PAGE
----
Apple II Turns 30 Years Old

Apple ii 30 bday

June 5th will mark the 30th birthday of the Apple II computer. There were other affordable hobbyist computer kits available before, but the Apple II was the first computer that was ready to run out of the box. It's not surprising that an Apple II was the first computer that I used in elementary school since Apple made inroads with the U.S. educational system from their earliest offerings. What may be a surprise is that the Apple II was manufactured up until 1993 (with some redesigns and cost-reduced versions), with many still in operation today. Between five and six million of the putty colored machines were sold, (which still isn't close to the Commodore 64's record of 17 million!).

The Apple II was a versatile machine, serving markets from classrooms to businesses.  Further demonstrating it's strength the Apple II remained a strong seller while the company shifted to the Macintosh line. The Mac was an expensive and unproven machine, so it was a good idea to keep the Apple II around as a reliable source of income.

Appleii30bday2I admire the Apple II's continued availability well after its technology was far from cutting edge. I'm sure that continued income was chief in keeping a 1970's era design around until the 90's - a preposterous idea these days - but there was still life in the old platform yet.

I've always thought that the computer industry has lost touch with the idea of providing people with "just enough" computer. Does your grandma really need a multi-gigahertz PC to send simple emails or read the web? I guess that role was meant to be filled by Palm computers and the many failed internet appliances of the early 2000's.

So we've established that the Apple II is a long lived and well-known commodity. There's still one question no Apple fan has ever been able to answer for me: Why in the hell does that green power light get so hot?  Ouch!

Read more about the Apple II

Modern clone of Apple I

Apple Computer, Inc. turns 30


The answer is quite simple: Apple used a genuine lamp for this light - and not a LED - to illuminate the word "POWER" when switched on. You may argue that this is a bit overkill but it still is a bit more user-friendly than a simple LED and the word printed or marked on the case.

Even the IIe which has two red LEDs on its mainboard still used a lamp for the keyboard to illuminate a printed word.

This proved to be useful as the later IIe-models used among other things a different CPU and the type ("65C02") was printed on the lamp shield so the used would know if he could run into compatibility problems.

AFAIK only the last IIe-model, usually called "Platinum", used a green LED for the power light. However, all Platinums used the 65C02 as the CPU so no marking was necessary.


I totally disagree with your statement that the Apple II was a "just enough" computer. You imply that the Apple was on the market unchanged for all those years. When in fact, the Apple had many upgrades and variations throughout it's production history. Not only the II, but the IIe and //c (which was a compact, portable version, though not very expandable.), and the best of all, the //GS which stood for Graphics and Sound and was way ahead of any MS dos or windows machine at the time.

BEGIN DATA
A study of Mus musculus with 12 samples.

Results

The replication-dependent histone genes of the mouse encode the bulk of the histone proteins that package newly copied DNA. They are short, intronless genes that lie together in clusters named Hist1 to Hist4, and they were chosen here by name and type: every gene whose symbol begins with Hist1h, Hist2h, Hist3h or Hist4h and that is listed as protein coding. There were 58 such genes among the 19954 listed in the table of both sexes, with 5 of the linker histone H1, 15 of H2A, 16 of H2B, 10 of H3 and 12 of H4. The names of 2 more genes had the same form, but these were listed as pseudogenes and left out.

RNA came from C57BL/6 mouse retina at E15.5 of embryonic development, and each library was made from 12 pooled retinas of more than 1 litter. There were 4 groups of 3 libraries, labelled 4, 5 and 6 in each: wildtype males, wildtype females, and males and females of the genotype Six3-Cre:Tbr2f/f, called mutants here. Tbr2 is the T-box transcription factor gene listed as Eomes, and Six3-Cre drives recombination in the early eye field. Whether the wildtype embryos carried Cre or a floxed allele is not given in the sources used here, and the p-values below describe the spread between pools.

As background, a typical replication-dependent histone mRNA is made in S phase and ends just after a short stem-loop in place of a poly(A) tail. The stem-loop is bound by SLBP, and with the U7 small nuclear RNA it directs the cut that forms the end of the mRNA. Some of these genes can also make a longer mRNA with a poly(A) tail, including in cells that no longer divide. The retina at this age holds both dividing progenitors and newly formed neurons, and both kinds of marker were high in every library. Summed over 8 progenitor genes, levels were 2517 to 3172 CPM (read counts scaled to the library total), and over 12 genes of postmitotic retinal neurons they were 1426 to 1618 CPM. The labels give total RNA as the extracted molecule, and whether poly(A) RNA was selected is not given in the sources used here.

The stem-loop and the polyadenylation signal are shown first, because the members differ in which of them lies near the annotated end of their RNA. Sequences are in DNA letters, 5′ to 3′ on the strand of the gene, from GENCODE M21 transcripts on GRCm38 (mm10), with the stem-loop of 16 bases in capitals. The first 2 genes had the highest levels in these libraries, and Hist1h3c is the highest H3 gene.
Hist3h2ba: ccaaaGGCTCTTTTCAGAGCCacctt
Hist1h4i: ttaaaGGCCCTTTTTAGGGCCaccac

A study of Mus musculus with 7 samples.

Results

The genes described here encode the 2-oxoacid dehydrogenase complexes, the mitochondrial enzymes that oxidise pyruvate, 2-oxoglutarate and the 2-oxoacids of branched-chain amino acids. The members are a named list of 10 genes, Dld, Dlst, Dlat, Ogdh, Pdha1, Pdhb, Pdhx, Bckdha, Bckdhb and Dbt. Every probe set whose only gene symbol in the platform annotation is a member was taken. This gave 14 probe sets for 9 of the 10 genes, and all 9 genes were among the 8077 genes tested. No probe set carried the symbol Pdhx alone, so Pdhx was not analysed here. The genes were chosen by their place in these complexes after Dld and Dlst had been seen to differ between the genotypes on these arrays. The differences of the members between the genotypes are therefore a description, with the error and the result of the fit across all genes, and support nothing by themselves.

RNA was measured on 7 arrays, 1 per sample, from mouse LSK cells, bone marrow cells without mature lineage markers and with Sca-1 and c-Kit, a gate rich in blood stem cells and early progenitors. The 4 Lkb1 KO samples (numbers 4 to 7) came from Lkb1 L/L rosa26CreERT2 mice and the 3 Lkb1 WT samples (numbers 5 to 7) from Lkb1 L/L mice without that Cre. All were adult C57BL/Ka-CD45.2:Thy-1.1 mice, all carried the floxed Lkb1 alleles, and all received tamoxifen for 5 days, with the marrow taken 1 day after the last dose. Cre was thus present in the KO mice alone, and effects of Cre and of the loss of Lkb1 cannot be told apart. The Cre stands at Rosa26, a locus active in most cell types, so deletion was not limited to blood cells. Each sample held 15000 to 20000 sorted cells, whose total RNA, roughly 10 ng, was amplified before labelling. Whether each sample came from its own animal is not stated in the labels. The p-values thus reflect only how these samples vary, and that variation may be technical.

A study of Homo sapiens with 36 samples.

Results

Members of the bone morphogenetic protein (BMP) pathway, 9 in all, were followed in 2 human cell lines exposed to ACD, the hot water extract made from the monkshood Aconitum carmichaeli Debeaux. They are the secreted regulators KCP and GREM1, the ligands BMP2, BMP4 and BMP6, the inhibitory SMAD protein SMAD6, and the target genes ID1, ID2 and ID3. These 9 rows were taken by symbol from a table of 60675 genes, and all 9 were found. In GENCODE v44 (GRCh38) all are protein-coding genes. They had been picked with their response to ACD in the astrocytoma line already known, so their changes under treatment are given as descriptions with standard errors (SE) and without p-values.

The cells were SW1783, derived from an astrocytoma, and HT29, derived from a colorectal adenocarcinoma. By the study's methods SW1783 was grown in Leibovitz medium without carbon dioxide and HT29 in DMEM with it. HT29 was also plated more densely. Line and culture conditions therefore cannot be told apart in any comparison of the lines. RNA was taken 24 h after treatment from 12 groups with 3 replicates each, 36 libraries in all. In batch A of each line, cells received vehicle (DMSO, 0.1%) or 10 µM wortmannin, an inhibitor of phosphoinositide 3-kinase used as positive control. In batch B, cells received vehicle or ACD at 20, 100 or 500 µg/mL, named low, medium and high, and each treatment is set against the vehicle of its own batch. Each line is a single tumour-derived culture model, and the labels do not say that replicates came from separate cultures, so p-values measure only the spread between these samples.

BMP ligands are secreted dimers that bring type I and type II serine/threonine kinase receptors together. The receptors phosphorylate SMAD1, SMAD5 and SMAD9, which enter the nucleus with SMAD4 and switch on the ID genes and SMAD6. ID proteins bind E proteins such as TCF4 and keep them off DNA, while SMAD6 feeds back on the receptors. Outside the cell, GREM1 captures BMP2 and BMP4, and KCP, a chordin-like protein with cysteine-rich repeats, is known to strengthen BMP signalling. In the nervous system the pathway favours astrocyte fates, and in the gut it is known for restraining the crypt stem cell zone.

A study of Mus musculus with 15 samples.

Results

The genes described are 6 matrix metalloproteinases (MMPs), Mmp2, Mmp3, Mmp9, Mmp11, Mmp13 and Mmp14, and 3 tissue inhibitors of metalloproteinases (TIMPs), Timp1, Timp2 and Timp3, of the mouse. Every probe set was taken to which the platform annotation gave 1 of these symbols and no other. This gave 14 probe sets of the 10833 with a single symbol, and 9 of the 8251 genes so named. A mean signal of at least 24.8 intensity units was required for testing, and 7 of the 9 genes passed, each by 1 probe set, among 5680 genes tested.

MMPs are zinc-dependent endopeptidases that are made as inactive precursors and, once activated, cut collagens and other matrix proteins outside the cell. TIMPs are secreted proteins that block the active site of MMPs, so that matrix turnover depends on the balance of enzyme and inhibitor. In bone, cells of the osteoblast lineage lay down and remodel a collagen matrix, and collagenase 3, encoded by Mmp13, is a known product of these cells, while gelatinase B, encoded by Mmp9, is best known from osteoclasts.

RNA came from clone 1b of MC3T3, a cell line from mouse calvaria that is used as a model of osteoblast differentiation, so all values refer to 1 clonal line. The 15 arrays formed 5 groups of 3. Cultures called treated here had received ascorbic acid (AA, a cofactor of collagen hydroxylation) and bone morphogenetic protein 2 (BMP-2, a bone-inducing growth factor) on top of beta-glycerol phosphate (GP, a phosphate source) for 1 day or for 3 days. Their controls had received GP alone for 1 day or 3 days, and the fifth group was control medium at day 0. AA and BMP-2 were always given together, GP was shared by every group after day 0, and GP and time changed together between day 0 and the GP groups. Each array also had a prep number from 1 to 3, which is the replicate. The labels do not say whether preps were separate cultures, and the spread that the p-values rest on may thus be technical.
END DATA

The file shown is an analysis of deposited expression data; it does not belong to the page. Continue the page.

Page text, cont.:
Not only were there different versions, the Apple line was the ultimate for the tinkerer. There were a number of different manufactuerers for add on cards, memory, floppy and hard drives and so on. My //gs had a lot of memory for the time (I don't remember how much, I just remember having to be very careful when I plugged the chips into the card), a SCSI hard drive, multiple floppy drives, etc. etc.
I really loved that computer and hated to part with it.
In closing, the Apple ][, II, //, was much, much more than a 'just enough' computer.

Is the green power light going to start blinking when it turns 30?

Roland, I wasn't intending to say that the Apple II was "just enough". As you say, the expansion possibilities were limitless and helped keep the platform alive for a very long time. We're missing out on that concept today too - really substantial upgrades that would prevent us from getting a new computer every 2-3 years.

What I was trying to say was that it was cool of Apple to continue selling the older machine even though their focus was on Mac. They didn't pull up stakes and try to force everyone into upgrading to their newest computer if the one the had still did the job. It would be like if Dell offered low-priced 500mhz computers in addition to their multi processor machines.

Hope that clears up where I'm coming from.

I would like to have a Just Enough Computer myself; also wish someone would build a system that had a bit more longevity (both in build quality and support). If I can have a camera that lasts 50 years and can be readily serviced and rebuilt, why can't someone build a comparable computer?

Not trying to hijack the post; but I wrote an entry on this some months ago:

My fond memory of the Apple II was when word got around that a chip was available to type in upper AND lower case letters, I had to get one! After I installed it, my word processor wouldn't work! The first of many clunky upgrades!

i still to this day dream of having another apple IIe, just so that i can truly experience "the oregon trail" again. that and other things, like making good ol' fashioned midi music.
i love this blog! while everybody else in the world throws out last years technology to make room for the new, it's nice to know there's a small faction of people not content matte silver colored plastic junk and who appreciate things that take a little more work.